Members Only: 1910

Members Only: 1910

October 1910. Washington, Missouri. "Some of the boys working in Phoenix American Cob Pipe Factory. Smallest boy is Joe Krummel. See sign: 'Wanted -- Men and Boys.' Around corner was a sign, 'Girls Wanted.' Couldn't get any photos of girls." Photograph and caption by Lewis Wickes Hine. View full size.

 


In later years, a model steam locomotive was built by one of the workers at the corncob pipe factory. He used defective pipe bowls and cob scraps to power his 1/8 scale steamer instead of coal. He called his railroad "Route of the Corn Cob" and the new owner who lives near Washington, MO runs the engine at the Mid-South Live Steam club track in Columbia, TN.

Lucky Horseshoe

That horseshoe on the gate is hung with the ends pointing down. The one who installed it must have believed that luck pours on you in that position rather than the popular belief that loss of luck occurs if it pours out. Or he never gave it a thought.

Boy with pipe

He has an air of lazy grace and tough as nails confidence. That pose speaks volumes, even if it was only a serendipitous itch on the back of his head. I wish I could do a Purple Rose of Cairo and walk into this picture to get his story.

Washington, MO

is the capital of corn cob pipe manufacturing. All of General Douglas MacArthur's signature corn cob pipes came from one company (Missouri Meerschaum) in Washington, made to his precise specification (including burn marks so it didn't look new!). Missouri Meerschaum still produces the "MacArthur Natural" along with 17 other models.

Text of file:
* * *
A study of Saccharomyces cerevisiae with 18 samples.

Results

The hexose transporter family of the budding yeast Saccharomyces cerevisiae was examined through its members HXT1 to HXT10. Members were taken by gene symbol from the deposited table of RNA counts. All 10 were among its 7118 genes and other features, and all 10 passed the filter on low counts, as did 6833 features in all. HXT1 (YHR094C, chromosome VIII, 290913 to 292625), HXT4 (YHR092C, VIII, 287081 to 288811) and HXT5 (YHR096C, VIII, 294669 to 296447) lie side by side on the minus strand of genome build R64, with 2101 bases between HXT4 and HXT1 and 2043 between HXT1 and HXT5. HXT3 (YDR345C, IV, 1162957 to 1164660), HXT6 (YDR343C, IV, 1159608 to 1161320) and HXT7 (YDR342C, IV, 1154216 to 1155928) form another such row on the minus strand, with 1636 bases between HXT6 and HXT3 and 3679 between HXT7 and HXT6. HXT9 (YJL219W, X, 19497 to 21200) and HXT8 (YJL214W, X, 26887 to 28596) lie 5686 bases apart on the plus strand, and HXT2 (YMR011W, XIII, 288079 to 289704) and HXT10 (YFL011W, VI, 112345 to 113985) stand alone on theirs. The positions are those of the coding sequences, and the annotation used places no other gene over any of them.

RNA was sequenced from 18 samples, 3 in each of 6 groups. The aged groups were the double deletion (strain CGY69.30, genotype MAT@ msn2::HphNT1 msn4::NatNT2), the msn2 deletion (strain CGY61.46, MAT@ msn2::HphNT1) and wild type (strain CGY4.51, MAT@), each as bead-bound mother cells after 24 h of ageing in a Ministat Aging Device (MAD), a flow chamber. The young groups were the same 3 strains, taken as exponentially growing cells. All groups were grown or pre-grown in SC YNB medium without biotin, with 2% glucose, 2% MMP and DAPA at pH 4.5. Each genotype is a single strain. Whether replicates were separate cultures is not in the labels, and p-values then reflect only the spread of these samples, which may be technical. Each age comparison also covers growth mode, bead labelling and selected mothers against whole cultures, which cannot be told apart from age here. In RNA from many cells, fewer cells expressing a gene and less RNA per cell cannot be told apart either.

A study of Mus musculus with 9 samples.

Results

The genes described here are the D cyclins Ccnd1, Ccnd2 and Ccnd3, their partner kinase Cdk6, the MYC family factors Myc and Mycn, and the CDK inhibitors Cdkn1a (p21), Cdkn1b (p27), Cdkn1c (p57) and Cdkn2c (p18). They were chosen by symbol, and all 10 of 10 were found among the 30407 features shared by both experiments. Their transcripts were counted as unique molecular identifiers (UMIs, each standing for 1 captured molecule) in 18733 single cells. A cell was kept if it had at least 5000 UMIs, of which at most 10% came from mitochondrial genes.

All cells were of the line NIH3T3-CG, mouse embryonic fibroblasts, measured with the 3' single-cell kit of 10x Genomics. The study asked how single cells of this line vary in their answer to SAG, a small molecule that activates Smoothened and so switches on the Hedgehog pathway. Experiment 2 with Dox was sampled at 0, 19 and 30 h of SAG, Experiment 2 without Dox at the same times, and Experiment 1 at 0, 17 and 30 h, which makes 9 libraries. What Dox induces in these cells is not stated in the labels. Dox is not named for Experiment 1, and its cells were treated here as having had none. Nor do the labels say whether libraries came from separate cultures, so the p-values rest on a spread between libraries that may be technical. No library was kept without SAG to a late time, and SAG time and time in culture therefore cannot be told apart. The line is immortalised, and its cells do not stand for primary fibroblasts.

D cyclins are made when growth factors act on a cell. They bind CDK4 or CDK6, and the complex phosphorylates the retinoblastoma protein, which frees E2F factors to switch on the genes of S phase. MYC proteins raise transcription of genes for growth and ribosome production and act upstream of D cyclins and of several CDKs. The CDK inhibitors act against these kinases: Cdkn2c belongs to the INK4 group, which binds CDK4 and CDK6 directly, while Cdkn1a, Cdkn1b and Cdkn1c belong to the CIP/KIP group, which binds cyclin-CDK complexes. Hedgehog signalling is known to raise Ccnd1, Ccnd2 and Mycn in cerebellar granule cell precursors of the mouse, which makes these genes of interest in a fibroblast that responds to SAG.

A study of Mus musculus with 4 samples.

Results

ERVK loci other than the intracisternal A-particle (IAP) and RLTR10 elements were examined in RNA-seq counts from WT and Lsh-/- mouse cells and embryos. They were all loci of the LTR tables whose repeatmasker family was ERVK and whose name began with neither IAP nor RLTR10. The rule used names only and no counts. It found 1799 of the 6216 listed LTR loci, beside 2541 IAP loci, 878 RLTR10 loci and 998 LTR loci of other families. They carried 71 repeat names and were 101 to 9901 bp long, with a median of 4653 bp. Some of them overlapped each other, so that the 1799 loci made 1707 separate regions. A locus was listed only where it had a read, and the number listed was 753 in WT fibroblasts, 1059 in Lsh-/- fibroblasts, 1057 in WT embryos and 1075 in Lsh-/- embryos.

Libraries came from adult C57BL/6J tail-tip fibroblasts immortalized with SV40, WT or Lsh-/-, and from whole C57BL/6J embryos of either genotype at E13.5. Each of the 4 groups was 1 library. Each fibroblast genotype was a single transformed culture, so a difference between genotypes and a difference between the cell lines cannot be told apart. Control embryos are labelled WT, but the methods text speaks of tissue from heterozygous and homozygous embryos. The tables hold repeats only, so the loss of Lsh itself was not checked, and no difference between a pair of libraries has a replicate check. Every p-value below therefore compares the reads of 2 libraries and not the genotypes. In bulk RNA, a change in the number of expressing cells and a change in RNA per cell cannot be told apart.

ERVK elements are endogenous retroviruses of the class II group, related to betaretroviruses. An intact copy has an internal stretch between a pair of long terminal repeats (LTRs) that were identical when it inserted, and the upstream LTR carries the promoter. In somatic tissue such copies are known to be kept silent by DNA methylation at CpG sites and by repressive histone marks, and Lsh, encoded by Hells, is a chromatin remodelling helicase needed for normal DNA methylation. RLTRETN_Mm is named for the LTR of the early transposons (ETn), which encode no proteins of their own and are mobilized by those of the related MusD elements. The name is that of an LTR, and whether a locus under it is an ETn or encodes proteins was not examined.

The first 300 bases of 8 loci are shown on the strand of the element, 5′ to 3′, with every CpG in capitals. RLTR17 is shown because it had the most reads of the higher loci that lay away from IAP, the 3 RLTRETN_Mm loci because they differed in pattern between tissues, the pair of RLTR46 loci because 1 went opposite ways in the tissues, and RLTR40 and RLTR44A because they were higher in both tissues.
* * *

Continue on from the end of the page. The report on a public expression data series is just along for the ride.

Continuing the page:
Started in 1869, the Missouri Meerschaum Company is the largest corn cob pipe manufacturer in the world, has been producing hand-made pipes for customers that included President Dwight Eisenhower and Mark Twain. The company's products were even used in the Robin Williams movie "Popeye." Even with the decline in smoking the demand for corn cob pipes remains and they are still churning 'em out there, albeit without the use of child labor anymore.

The Implied Statement

Photos from this period of street and factory kids show a rough era. One had to know and be adept at the "sweet science" of fisticuffs.

Each one is showing the thought, "why I oughta..."

And this is the look you would have gotten if you were the pathetic "new kid."

Members Only: 1910

This is Joe Manning, of the Lewis Hine Project. The smallest boy, identified by Hine as Joe Krummel, was in fact Joe Krimmel (WWI draft registration). According to the Social Security Death Index, he was born January 15, 1897, and died in Amazonia, Missouri, in September 1975. There is a family history posting on the Web that states that Joe had a son named Victor Junior Krimmel, who had a son named Victor Junior Krimmel, Jr. According to the Nevada Marriage Index, the younger Victor married Patricia Ann Rager on May 6, 2005. Their last address appears to be in Nebraska.

Showin' Off

The guy outside with his derby at that angle is just showing off for the camera. The guy you really want to watch out for is the one in the suit and tie giving the rest of them the stink eye. His derby is pushed forward. You just know he's tough and he's got something to back that up with. He'll fire the lot of them for being lazy no accounts if they don't get back to work right now and anyone who argues is going to get a well placed boot where it won't be at all useful.

Fashion Forward

Over on the right, these boyz are stylin! Open-placket shirt, tucked tie, popped collar; Knicker-Boy Joe with arm akimbo; Mr. Sweater in the classic three-quarters stance; and best of all, Bowtie Pipe voguing a runway pose. Those highwaters are the perfect foundation.

Immortality Lost

Hey you there! On the left... squeeze in a bit! Awwww shucks!

Rakish, or Nonconformish?

I wonder if cocking your derby was the 1910 equivalent of the backward baseball cap.